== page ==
UTSA professor will discuss systems engineering in live international videoconference

Jamshidi

Professor Mo Jamshidi with robot


UTSA students, faculty, staff and alumni are invited to attend the lecture in Biotechnology, Sciences and Engineering Building Room 2.102 on the UTSA Main Campus. Audiences at Universidad Nacional de Salta in Argentina and Universidad Politécnica de Madrid in Spain will view the lecture.

System of systems engineering combines simple systems to form larger systems that are capable of completing more complex tasks than the smaller components. The discipline has applications in the defense, energy, environmental and health-care industries.

During the international discussion, Jamshidi will discuss:

  • an introduction to system of systems (SoSE) engineering, "From Definition to Implementation"
  • an overview of how multi-robotic systems work in air, on land and in the water
  • insight into the development of UTSA's first hybrid green energy system, which uses solar and wind power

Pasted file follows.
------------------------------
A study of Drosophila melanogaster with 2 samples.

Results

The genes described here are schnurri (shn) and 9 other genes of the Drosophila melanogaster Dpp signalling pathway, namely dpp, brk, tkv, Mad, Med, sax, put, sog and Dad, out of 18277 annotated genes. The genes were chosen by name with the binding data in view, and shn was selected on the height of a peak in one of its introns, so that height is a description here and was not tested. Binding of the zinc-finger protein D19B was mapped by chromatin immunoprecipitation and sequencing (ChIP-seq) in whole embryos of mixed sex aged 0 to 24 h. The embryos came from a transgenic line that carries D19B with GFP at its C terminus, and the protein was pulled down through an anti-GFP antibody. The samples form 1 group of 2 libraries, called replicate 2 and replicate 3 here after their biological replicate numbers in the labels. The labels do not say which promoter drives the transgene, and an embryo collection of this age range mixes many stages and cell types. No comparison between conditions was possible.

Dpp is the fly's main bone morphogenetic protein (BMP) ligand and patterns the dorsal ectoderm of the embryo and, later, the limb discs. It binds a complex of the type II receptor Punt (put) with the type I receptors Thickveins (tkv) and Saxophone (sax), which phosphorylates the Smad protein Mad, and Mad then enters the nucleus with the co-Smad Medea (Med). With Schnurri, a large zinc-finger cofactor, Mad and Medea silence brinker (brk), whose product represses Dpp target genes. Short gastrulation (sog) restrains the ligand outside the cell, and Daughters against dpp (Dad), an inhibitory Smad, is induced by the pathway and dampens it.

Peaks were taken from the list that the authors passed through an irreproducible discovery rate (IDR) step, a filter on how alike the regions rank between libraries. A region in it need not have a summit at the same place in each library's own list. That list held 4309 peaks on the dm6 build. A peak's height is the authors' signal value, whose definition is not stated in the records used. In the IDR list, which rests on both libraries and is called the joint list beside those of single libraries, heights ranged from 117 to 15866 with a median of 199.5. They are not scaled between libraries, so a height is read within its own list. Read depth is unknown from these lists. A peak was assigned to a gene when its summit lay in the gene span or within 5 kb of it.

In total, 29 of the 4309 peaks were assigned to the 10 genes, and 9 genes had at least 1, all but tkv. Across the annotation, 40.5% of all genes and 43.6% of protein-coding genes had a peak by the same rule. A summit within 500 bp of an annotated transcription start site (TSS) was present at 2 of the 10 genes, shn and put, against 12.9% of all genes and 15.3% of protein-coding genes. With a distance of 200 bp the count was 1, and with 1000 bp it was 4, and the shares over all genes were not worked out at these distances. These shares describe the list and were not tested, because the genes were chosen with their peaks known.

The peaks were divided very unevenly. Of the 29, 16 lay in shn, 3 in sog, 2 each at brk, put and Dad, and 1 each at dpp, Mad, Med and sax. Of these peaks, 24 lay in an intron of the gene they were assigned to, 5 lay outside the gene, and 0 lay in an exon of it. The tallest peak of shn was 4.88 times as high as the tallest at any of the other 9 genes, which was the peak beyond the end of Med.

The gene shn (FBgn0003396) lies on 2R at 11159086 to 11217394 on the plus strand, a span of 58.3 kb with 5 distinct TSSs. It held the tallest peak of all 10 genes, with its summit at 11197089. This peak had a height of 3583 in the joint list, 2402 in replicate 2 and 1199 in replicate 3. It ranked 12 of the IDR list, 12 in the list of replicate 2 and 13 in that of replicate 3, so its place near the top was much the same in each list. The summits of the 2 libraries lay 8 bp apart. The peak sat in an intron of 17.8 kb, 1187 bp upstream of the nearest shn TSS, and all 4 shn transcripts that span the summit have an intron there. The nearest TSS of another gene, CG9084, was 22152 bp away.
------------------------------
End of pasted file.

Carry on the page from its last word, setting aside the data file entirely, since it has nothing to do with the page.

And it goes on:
• an introduction to cloud computing and its intersection with system of systems engineering
  • video clips of system of systems research activities taking place in the UTSA Autonomous Control Engineering (ACE) Laboratory (with Spanish subtitles)

Jamshidi will follow the videoconference with a visit to Argentina in early 2010, where he will be joined by system of systems engineers from Spain.

With a career spanning more than four decades, Jamshidi is known internationally as a leader in system of systems engineering. He conducted research for the U.S. Air Force, U.S. Department of Energy, NASA, Oak Ridge National Laboratory, Los Alamos National Laboratory and Sandia National Laboratories. He worked on the first generation of adaptive optics for the Hubble telescope, the engineering of nuclear breeder reactors, the Mars Pathfinder project and the applications of robotics for energy efficiency. His current research, conducted in UTSA's ACE Laboratory, focuses on the applications of system of systems engineering to land, sea and air robots, and solar-wind energy systems.